Cleanlogic Beauty Brand Sets Its Sights On D2C

If ever there was a time to have a major in supply chain management, this would be it. With the global supply chain showing strain as well as surprising flexibility, Cleanlogic CEO Isaac Shapiro has one such degree – and is he ever working it.

Cleanlogic is a skincare and beauty brand that is sold everywhere from CVS to Walgreens. Its product range spans exfoliants to hairbrushes to organic skincare products. It’s also behind some of the biggest private-label skincare products at the world’s largest retailers.

And while that might be enough for most companies, Shapiro isn’t about to rest on his laurels. His company is the beneficiary of his expertise as it looks to rebrand and reposition in anticipation of working a direct-to-consumer (D2C) model into its healthy retail business, which has led to a 25 percent overall increase so far over 2019.

Cleanlogic started in 2005 when serial entrepreneur Shapiro (carrying his Arizona State University supply chain degree) wanted to get into the health and beauty accessories business, but soon got a different education in dealing with overseas manufacturing, particularly in China. As he grew Cleanlogic, he started to understand how the global supply chain works for his products, and he also learned about the cutthroat competition within the consumer packaged goods business.

“We started getting our products into beauty specialty stores,” Shapiro said. “And then we started selling to grocery stores, which made us nervous because we were still more expensive than the cut-rate brands. So it took us time to really get in there and compete on price. We knew we had a great product – and while we had no marketing spin behind it, it was performing well against private-label brands. And that made us realize that we need to control our destiny and our technology – and build our own factory. But we didn’t want the factory to be Chinese-owned, because we wanted to control the quality and technology.”

Five years ago, Shapiro and his business partner, Co-CEO Mike Ghesser, bought their own factory in China. Then came the pandemic and the shutdown of the factory. With cosmetics sales stopped in their tracks for a time, Shapiro pivoted the company to make face masks, of which the company has sold more than five million.

But now that the retail and beauty care world is approaching something resembling a recovery, Cleanlogic is back to full-time, and is ready to recast its image. As it stands, the brand, packaging and website reflect the company’s name: clean and uncluttered. When the rebrand and relaunch is ready in early 2021, it will consist of four product lines: Bath & Body, Sports, a charcoal-infused Detoxify line and a sustainable line made of organic cotton. The packaging will now be made from sustainable materials and will feature what Shapiro describes as a fresh, modern look.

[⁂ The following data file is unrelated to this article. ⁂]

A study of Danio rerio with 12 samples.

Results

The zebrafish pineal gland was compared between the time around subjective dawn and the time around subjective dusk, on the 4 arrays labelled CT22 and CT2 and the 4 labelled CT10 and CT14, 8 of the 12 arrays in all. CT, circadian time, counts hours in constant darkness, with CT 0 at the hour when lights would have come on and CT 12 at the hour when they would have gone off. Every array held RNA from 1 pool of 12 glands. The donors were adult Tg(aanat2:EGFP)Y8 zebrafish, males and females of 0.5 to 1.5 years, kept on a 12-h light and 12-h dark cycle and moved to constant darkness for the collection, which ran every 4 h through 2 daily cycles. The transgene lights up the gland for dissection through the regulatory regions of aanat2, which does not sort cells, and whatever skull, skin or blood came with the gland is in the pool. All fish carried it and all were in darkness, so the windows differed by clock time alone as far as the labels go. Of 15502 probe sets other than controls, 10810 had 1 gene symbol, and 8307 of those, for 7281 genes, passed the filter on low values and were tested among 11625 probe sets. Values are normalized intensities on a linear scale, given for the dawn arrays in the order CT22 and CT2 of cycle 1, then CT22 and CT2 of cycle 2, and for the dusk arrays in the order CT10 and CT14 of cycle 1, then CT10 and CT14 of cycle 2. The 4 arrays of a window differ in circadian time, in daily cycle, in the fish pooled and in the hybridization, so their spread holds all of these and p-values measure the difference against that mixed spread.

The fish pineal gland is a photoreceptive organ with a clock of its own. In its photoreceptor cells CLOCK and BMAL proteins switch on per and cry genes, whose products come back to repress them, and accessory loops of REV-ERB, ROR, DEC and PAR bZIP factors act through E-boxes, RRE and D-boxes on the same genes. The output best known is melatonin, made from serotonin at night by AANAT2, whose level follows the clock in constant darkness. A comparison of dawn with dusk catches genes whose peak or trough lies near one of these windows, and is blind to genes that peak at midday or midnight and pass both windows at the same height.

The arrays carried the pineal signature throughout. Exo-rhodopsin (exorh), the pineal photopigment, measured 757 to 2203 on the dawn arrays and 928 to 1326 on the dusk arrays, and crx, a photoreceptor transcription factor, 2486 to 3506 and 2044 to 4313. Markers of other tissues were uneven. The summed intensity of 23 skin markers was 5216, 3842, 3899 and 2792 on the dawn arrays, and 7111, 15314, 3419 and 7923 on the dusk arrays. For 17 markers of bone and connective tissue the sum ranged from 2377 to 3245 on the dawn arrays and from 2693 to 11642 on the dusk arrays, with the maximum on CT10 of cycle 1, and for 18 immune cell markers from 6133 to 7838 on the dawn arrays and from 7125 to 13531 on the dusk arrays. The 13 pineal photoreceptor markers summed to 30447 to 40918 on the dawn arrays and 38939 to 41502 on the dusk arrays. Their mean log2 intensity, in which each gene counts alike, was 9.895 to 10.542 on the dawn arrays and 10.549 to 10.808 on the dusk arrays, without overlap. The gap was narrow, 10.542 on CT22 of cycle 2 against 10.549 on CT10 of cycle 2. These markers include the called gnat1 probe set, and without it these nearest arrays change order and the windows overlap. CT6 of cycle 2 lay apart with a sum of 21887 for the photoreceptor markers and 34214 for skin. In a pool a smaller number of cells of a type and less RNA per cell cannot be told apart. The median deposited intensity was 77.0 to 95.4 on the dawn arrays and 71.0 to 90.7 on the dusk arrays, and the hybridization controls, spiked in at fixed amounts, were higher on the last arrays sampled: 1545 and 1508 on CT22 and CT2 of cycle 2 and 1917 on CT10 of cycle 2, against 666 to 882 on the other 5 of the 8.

Cleanlogic just started selling direct to consumer in May through its own website and through Amazon. The new website and business model will focus much more definitively on the D2C business. Shapiro noted that the company has already started testing three- and six-packs of products for D2C sales, as well as other products that might be better suited to eCommerce.

“We just picked up a private-label client that will do over five million pieces with us, but we’re taking a beating on price,” he said. “And then next year, we’ll have to come back and fight for that shelf space all over again. And then we have all these relationships with people we’ve proven ourselves with, but then a whole new team comes in, and we’re on the chopping block. Those are the challenges we’re facing, so our goal and vision is to focus 50 to 60 percent of our business on D2C.”

The Cleanlogic story has a personal side for Shapiro as well. His mother has been legally blind throughout his life. For that reason, all Cleanlogic packaging has a Braille component.

“We donate to a nonprofit called Inspiration Foundation that I founded with my mom, and that was our way of giving back,” Shapiro explained. “But over time, we’ve seen that our Braille is becoming an awareness piece to create a conversation about inclusion for blind people. I think the whole nonprofit world for blind and visually impaired people is starting to support our mission and is trying to help us get the message out there.”